The layoffs will be in publicity, distribution and legal, and spare TV employees

The Weinstein Company will cut between 40 and 50 employees from its film units in the coming days, an individual with knowledge of the situation told TheWrap Sunday.

The cuts will be focused on the studio’s film operations, including its genre label TWC-Radius, and spare senior management. Most of the layoffs will be low-level staffers and a few mid-level executives.

The publicity, distribution and legal departments will be reduced across the studio’s New York, Los Angeles and London offices.

Questions have been swirling in Hollywood about TWC’s cash situation since August, TheWrap previously reported, as multiple vendors complained about missing payments and several small film releases were delayed.

At the time, Harvey Weinstein told TheWrap it was the strain of releasing several movies consecutively at the top of 2015.

“I’ve been dealing with this for 30 years. Put six films out together for an independent film company, there will be a moment with tough cash flow,” he said.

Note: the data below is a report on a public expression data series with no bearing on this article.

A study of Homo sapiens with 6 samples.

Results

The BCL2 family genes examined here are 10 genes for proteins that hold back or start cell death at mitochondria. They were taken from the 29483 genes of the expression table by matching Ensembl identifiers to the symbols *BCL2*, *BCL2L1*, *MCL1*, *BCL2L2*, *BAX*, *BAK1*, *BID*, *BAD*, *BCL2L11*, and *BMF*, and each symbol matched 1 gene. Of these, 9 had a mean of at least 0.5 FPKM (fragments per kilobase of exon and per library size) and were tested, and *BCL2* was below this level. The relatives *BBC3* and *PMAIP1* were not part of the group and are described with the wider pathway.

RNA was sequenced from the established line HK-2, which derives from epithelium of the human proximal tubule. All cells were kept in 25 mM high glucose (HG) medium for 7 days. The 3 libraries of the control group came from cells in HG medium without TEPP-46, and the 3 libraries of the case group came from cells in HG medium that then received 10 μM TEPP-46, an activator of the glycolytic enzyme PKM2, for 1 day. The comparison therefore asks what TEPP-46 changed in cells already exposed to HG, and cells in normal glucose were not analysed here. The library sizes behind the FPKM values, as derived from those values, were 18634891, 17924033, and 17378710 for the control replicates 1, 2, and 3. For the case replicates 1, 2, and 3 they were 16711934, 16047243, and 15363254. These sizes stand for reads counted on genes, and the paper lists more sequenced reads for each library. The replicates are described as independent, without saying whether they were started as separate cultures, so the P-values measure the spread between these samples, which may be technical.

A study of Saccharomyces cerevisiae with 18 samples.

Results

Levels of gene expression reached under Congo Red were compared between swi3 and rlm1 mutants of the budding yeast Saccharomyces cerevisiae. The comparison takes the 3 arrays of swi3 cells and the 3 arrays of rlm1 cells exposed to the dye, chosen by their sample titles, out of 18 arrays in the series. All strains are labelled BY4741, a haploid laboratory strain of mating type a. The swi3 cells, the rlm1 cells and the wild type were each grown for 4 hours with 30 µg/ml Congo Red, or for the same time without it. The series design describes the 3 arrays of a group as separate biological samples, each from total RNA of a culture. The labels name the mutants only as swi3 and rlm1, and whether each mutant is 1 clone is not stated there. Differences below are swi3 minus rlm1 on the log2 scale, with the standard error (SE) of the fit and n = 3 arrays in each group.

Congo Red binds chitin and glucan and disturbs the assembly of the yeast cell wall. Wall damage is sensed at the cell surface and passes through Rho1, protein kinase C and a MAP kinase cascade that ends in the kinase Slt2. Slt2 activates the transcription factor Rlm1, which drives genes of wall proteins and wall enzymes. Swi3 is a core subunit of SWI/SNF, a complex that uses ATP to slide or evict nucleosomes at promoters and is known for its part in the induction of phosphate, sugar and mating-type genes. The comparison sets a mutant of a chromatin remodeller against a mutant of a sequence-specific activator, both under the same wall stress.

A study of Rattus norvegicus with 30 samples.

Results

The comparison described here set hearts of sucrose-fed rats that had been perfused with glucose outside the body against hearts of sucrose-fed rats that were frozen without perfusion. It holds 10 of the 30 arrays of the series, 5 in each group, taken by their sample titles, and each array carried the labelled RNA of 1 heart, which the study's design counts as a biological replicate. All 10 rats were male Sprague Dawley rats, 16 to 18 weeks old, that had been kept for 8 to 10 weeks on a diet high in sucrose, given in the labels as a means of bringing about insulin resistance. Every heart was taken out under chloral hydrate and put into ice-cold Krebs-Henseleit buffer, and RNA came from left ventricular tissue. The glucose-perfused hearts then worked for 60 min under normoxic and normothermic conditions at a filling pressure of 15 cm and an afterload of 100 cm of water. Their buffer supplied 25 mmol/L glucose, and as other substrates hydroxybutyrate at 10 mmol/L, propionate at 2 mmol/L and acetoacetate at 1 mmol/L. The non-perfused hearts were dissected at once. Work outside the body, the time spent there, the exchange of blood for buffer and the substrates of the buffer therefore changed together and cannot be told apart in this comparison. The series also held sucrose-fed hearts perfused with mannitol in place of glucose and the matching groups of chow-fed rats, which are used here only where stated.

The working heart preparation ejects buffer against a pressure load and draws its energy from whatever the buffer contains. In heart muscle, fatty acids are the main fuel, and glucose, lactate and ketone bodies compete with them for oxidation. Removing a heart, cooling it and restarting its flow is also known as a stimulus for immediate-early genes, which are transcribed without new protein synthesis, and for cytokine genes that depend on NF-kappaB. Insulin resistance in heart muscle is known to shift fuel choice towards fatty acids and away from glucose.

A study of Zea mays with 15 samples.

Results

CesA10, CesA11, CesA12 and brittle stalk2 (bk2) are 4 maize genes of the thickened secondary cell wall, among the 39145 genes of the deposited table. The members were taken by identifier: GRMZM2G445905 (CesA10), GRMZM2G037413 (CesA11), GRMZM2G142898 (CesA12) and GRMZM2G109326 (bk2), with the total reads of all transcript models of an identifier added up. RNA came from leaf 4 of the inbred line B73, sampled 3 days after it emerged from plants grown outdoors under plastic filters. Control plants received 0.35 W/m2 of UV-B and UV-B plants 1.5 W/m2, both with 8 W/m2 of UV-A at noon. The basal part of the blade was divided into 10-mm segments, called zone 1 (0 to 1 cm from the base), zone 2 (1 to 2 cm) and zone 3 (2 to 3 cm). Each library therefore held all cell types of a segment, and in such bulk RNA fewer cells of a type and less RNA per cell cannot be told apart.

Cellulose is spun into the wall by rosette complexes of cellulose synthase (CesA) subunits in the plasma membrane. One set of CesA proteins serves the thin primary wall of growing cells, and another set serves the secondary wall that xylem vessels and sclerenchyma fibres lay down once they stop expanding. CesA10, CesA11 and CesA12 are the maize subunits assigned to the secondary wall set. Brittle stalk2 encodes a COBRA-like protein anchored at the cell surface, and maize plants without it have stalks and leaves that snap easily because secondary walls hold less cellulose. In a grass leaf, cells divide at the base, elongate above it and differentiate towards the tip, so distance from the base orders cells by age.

Despite cashflow problems — and now layoffs — the film division boasts a library of 525 titles worth more than $300 million. But it has been a mixed year at the box office.

The family film “Paddington,” the Helen Mirren drama “Woman in Gold” and Jake Gyllenhaal‘s boxing drama “Southpaw” connected early in the year. However, the Pierce Brosnan action film “No Escape” and Bradley Cooper‘s chef comedy “Burnt” have missed since. Three smaller films — “Shanghai,”  “The Young and Prodigious T. S. Spivet” and “Eva” — failed to gain traction.

That puts the focus on three releases remaining: the Todd Haynes-directed drama “Carol,” starring Cate Blanchett, on Nov. 20; “Macbeth (2015)” starring Marion Cotillard and Michael Fassbender on Dec. 4; and “The Hateful Eight,” written and directed by Quentin Tarantino, which opens on Christmas Day.

The prospects for Tarantino’s drama are in question due to a planned boycott of the film by police groups across the nation, angry over comments made by the “Pulp Fiction” director at a rally against police brutality.

TWC’s TV division is in robust health thanks to hits like the “Project Runway” franchise, “Mob  Wives” and the Netflix acquisition “Marco Polo.” That division yielded $118 million in revenue in 2014, and stands to make $39 million in profit this year.

Variety posted the initial story Sunday on the layoffs.